I haven't read the book. Spy or crime fiction is too plot-heavy for me to really be interested, the only thing that really attracts me is the noiry mood and themes. Happily, it's all about mood in Alfredson's film. I'm comforted by the fact that few could follow the ins and outs of the investigation completely. I just about managed to get the overall contours of the picture, but I wouldn't be able to give the details.
Reviewers got all poetic trying to describe the film's atmosphere... I could litter descriptors like 'coffee-soaked', 'cigarette-stained', 'mouldy' and '1970s' around, but I think my favourite would be 'geriatric', because it describes the lethargic pace quite well, and because it is all about wizened spies living with their crimes. They are all poisonous toads. Ricki, whose hands drip with blood, has the right idea when he says he doesn't want to grow old and become like the rest of them.
It's a formidable roster of actors Alfredson marshals up. All do sterling work. Gary Oldman wears a mask for most of the film, the cinematographer just moving some lights around when he needed to look tired or kindly or sinister. Both of them deserve some kind of recognition.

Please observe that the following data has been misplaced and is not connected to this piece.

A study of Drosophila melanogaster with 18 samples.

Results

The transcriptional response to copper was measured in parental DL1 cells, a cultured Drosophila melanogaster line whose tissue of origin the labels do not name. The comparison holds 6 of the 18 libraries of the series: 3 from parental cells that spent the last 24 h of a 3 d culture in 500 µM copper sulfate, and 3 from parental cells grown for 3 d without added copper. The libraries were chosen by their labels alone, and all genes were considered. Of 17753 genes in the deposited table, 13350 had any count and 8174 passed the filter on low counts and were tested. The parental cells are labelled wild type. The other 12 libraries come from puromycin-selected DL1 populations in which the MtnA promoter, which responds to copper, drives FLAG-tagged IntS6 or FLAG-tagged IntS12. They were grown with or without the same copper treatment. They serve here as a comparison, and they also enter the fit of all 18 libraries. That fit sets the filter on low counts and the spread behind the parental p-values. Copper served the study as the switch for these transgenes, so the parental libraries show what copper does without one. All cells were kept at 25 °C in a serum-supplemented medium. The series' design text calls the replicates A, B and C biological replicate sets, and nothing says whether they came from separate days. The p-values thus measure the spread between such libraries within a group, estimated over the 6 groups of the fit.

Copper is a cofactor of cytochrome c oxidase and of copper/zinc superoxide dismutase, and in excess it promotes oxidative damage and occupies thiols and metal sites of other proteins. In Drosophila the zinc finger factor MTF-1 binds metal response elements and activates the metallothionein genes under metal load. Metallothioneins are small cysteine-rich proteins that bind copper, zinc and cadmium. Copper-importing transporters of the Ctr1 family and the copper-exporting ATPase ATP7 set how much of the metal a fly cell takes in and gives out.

I did need more on the mole's treason for aesthetic reasons. The film goes out of its way to look as drab as possible, but it's not like what we see of Budapest or Moscow is flashier. Haydon is a bit of a dandy, a philanderer. Perhaps the Orientals were more attractive than the stuffy alcoholics he was surrounded by. As for Karla, a bit like Lord Sauron, he stays an incorporeal menace. We are told "the fanatic is always concealing a secret doubt", but that may just be Smiley's delusion. He can't see a weakness so he makes one up. Smiley is not a fanatic. He knows exactly how compromised his own side is. He strikes me as the consummate professional, loyal to Control because Control was always right. Loyal to his wife and his country, despite their betrayals.